The demand for finance and accounting professionals is high, yet the talent pool is shrinking: a surefire recipe for higher compensationand perks for those in these professions. Still, employees don’t realize how much negotiating power they have, according to a recentEmployment Dynamics and Growth Expectations (EDGE) report, which included survey responses from more than 1,000 hiring managers and 3,000 workers. The survey was developed by Robert Half International (RHI), the world’s largest specialized staffing firm, andCareerBuilder.com, the United States’ largest online job site.
According to the survey, 55 percent of hiring managers said it was difficult to find qualified candidates a year ago; 81 percent said thatit was just as difficult, or more so, today. But while the balance of power has shifted to favor highly skilled workers, the majority ofemployees surveyed said they are still feeling cautious about the job market and not very willing to negotiate higher salaries. “Hiring managers may be aware of the shortage in finance and accounting talent, but that reality has not yet made it on the radar screenof job seekers,” says Alfred Patawaran, division director for Robert Half Finance and Accounting in Cleveland.
Smart Business spoke with Patawaran about this curious discrepancy and what it means for both workers and employers.
Could you explain the reason for the talent shortage in finance and accounting?
Right now, many of the most skilled professionals are already employed, and there’s a more shallow talent pool to draw from.Additionally, with large numbers of baby boomers expected to retire, there simply aren’t enough highly skilled replacement workers todraw from in the Gen X and Gen Y work force.
If jobs are plentiful, why are workers proceeding with caution when taking a new job? And why are they hesitant to ask for more money?
Although the job market is currently in the employees’ favor, our report indicates that workers are still cautious about the market andare less willing to negotiate higher salaries. Seventy-four percent of those surveyed said they are not looking for a new job.
The layoffs and workplace uncertainty from a few years ago are still fresh in people’s minds, and many employees are hesitant to testthe job market when they have the security of a job. Additionally, although 45 percent of workers reported their compensation hasincreased in the last year, a much smaller number is willing to ask for a better deal due to insecurities about the U.S. economy and jobmarket.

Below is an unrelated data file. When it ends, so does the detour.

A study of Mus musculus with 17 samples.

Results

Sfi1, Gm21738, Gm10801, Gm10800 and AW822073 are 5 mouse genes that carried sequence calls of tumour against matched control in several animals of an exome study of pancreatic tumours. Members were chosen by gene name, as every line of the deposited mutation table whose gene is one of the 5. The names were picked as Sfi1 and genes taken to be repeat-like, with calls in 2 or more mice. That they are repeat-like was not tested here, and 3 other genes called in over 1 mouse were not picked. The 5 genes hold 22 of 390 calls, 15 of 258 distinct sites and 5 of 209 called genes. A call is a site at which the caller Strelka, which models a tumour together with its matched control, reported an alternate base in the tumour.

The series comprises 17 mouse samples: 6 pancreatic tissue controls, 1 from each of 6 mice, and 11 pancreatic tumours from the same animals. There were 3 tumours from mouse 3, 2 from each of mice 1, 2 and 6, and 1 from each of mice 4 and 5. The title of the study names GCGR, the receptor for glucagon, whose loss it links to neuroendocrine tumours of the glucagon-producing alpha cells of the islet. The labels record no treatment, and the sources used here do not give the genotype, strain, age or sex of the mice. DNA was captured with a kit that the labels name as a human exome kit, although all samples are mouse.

What should workers do in this environment? Should they ask for more money, better benefits?
Employees certainly can afford to be a bit more assertive when discussing compensation. There are more job opportunities today, andbusinesses face a shrinking labor pool. Workers, particularly those with in-demand skills who are not maximizing the earning potentialof these opportunities, are selling themselves short.
It’s also important for employers to recognize that while competitive compensation is important, few employees are apt to leave a positive, supportive work environment for a modest pay increase, so retention efforts are paramount.
Still, isn’t it only a matter of time until workers realize they are more in demand than they realize?
Most likely, but our results indicate a shift that is subtle and gradual. While employees continue to view the job market as somewhatchallenging, their impression of it seems to be improving. Rising payroll numbers and demand for qualified talent paint a picture ofgradually improving opportunities.
What should employers do in this environment?
Employers not only need to streamline and speed up their recruitment process, but also look for innovative methods to retain the staffthey already have in place. Employers also need to realize the fact that the task of attracting and retaining will not be as easy as it has inthe past. Tried-and-true methods salary increases, bonuses and flexible work schedules are always good to implement.
But another important way to keep good employees is to make them feel valued. Most employees won’t jump ship over a modest salaryincrease if their work environment is pleasant and they feel that what they do is valued and appreciated.
Managers do need to take a real interest in their team members and how these employees can reach their career goals. Employees areless apt to leave if there is a good work environment and they are compensated well for what they do.
ALFRED PATAWARAN is the division director for Robert Half Finance and Accounting in Cleveland. Reach Patawaran at Fred.firstname.lastname@example.org or (216) 621-4253.